Amelia Lake, Fuse Associate Director, and Helen Moore, Fuse Associate, at Teesside University are bucking this trend. Both work in senior level roles in public health research, leading teams and both work part-time.
Amelia and Helen were two of the senior leaders I interviewed when writing my book Solving the Part-Time Puzzle: How to decrease your hours, increase your impact, and thrive in your part-time role. They shared their stories about how they make their part-time arrangements work, and the benefits they experience from working in this way.
|Helen Moore (left) and Amelia Lake (right) both work part-time in public health research|
“During the pandemic, and post-pandemic, childcare has been difficult to access, and being part-time means some days of the week can be less stressful in terms of childcare. Working part-time means I work even more collaboratively with colleagues as their support when I am not at work is important. It can be hard to switch off emails and alerts on non-working days, and I don’t always do it, but I know it is important.”
Helen said, “It was, and is, important for me, as the primary carer of young children (I have two sets of twins) with a husband who works away in the Merchant Navy, to be able to have some flexibility around when and how I work. This supports me in being able to take them to, and pick them up from, school several days of the week, and to not have to rely all of the time on either family help (which can feel like an imposition) or paid childcare (which is both expensive and difficult to find when you have four children).”
So why is it so rare to see senior leaders working part-time? Largely because there’s an embedded belief that senior leadership roles are the most challenging to do part-time. Many people will tell you it’s impossible – and that it’s not even worth attempting.
Stories of leaders like Amelia and Helen are hugely important, because we badly need more senior leaders leading the way and working part-time. When senior leaders do so it demonstrates to others that part-time work is acceptable and encouraged, and that it’s possible to keep growing a career while working part-time.
The individual and family wellbeing benefits are quite clear, and should be reason enough for organisations to start creating more part-time work opportunities. But the reality is that more encouragement may be required.
The good news is that there are some other big reasons for organisations to get on board with this.
A clear and highly relevant advantage for employers is talent attraction and retention. In the context of the ‘great resignation’ of 2022 this is a critical consideration for organisations looking to find creative ways to solve the talent shortage.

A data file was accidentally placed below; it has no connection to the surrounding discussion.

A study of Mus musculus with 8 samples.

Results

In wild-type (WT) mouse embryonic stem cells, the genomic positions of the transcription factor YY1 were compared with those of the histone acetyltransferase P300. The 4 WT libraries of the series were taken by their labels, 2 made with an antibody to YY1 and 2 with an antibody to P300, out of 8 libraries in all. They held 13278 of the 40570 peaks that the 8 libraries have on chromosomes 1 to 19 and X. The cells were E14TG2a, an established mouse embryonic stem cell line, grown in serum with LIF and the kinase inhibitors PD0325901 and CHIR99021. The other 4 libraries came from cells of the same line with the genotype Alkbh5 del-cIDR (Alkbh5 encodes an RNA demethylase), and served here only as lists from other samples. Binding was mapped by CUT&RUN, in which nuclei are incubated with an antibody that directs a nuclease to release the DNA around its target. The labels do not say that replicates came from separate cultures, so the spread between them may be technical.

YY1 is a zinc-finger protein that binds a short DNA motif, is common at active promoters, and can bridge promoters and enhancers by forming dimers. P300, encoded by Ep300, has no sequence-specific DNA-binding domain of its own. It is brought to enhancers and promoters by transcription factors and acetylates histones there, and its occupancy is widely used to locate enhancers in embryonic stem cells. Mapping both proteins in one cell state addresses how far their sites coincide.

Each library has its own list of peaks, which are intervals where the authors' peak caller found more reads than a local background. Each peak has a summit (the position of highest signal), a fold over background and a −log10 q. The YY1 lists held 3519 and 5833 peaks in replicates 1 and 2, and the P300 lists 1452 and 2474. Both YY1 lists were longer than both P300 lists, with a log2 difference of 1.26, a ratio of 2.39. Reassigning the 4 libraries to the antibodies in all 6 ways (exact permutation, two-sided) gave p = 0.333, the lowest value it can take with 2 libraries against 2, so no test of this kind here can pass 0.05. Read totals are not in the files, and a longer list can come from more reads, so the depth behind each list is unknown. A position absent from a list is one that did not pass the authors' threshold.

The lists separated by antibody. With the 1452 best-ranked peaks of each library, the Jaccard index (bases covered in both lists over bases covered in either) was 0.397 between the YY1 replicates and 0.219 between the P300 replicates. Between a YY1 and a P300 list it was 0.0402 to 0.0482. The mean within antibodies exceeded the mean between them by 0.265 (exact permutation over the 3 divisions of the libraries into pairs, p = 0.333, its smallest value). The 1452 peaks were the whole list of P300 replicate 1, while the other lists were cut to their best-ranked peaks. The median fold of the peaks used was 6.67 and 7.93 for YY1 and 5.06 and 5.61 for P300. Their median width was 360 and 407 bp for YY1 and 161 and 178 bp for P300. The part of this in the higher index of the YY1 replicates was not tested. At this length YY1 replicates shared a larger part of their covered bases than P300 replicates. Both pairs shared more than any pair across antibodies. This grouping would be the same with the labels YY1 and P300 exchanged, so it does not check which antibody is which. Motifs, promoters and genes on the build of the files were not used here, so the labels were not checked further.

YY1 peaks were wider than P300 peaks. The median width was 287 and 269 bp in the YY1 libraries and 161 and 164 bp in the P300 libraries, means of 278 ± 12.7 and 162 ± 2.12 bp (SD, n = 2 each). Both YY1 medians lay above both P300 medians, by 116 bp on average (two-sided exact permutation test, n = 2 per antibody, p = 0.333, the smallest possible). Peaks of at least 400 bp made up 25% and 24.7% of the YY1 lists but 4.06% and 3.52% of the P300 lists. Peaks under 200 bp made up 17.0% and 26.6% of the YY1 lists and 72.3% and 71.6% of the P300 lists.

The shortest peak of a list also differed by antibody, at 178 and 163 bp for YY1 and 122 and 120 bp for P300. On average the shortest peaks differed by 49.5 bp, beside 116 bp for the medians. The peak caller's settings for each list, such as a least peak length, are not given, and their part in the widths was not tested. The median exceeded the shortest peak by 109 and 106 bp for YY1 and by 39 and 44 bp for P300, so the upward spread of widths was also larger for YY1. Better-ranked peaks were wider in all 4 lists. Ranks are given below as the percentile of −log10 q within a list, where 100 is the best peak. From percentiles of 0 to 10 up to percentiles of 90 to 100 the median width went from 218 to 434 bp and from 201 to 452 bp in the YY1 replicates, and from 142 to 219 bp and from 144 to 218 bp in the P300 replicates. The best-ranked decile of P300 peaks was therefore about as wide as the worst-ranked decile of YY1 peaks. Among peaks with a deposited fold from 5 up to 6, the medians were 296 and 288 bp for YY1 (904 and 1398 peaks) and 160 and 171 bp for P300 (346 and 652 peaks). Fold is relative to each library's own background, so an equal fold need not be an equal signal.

Firstly, it allows employers to retain their talented people who reach a point where they want or need to work part-time.
In Amelia’s words, “We need to see more people in leadership roles working part-time. I was promoted to Professor in my part-time working pattern which illustrates that it is possible to do high quality impactful work building capacity and also doing research, while working part-time. Teesside University has both promoted me and supported me in my part-time role.”
It also enables employers to tap into a hidden talent pool of highly qualified people who either can’t or choose not to work full-time. They include people with caring responsibilities, people with health issues, and people at retirement age who would stay in the workforce longer if given the opportunity to work part-time.
Helen said, “I strongly believe that working part-time doesn’t equate to a reduction in performance, and that it is demonstrated by my promotion to Associate Professor and being one of two Teesside University Star Award Research Excellence finalists in 2021.
“Being supported by Teesside University to work part-time in a senior role enables me to both lead the work of the University’s successful Evaluation and Impact Team, and to be able to be present and care for my four children.
“Having managers who were willing to try something new, even take a risk, and recruit a person to work part-time hours to establish and lead a new team has paid off and worked well – it has enabled me to grow significantly as both a researcher and a research leader.
“Roles similar to mine which I have previously considered, have been strictly full-time hours only, and did not feel open to someone with other commitments like me. There are a lot of talented people who for various reasons would like to work less than full-time hours, and I’m hopeful that my experience shows it is possible.”
This is also, of course, about inclusion. The consulting firm Timewise warns that if a company’s diversity, equity and inclusion (DEI) programmes aren’t underpinned by a commitment to flexible working that includes part-time, they will struggle to be fully inclusive. 'This will not only have a negative impact on their gender pay gap, but is also likely to impact their employer brand'
As well as the talent related benefits, there are also productivity benefits to be reaped by organisations who are willing to introduce more part-time roles. Organisation for Economic Co-operation and Development (OECD) data confirms that productivity (defined as output per working hour) improves with shorter hours. Across the world’s richest countries, higher productivity correlates with lower working hours.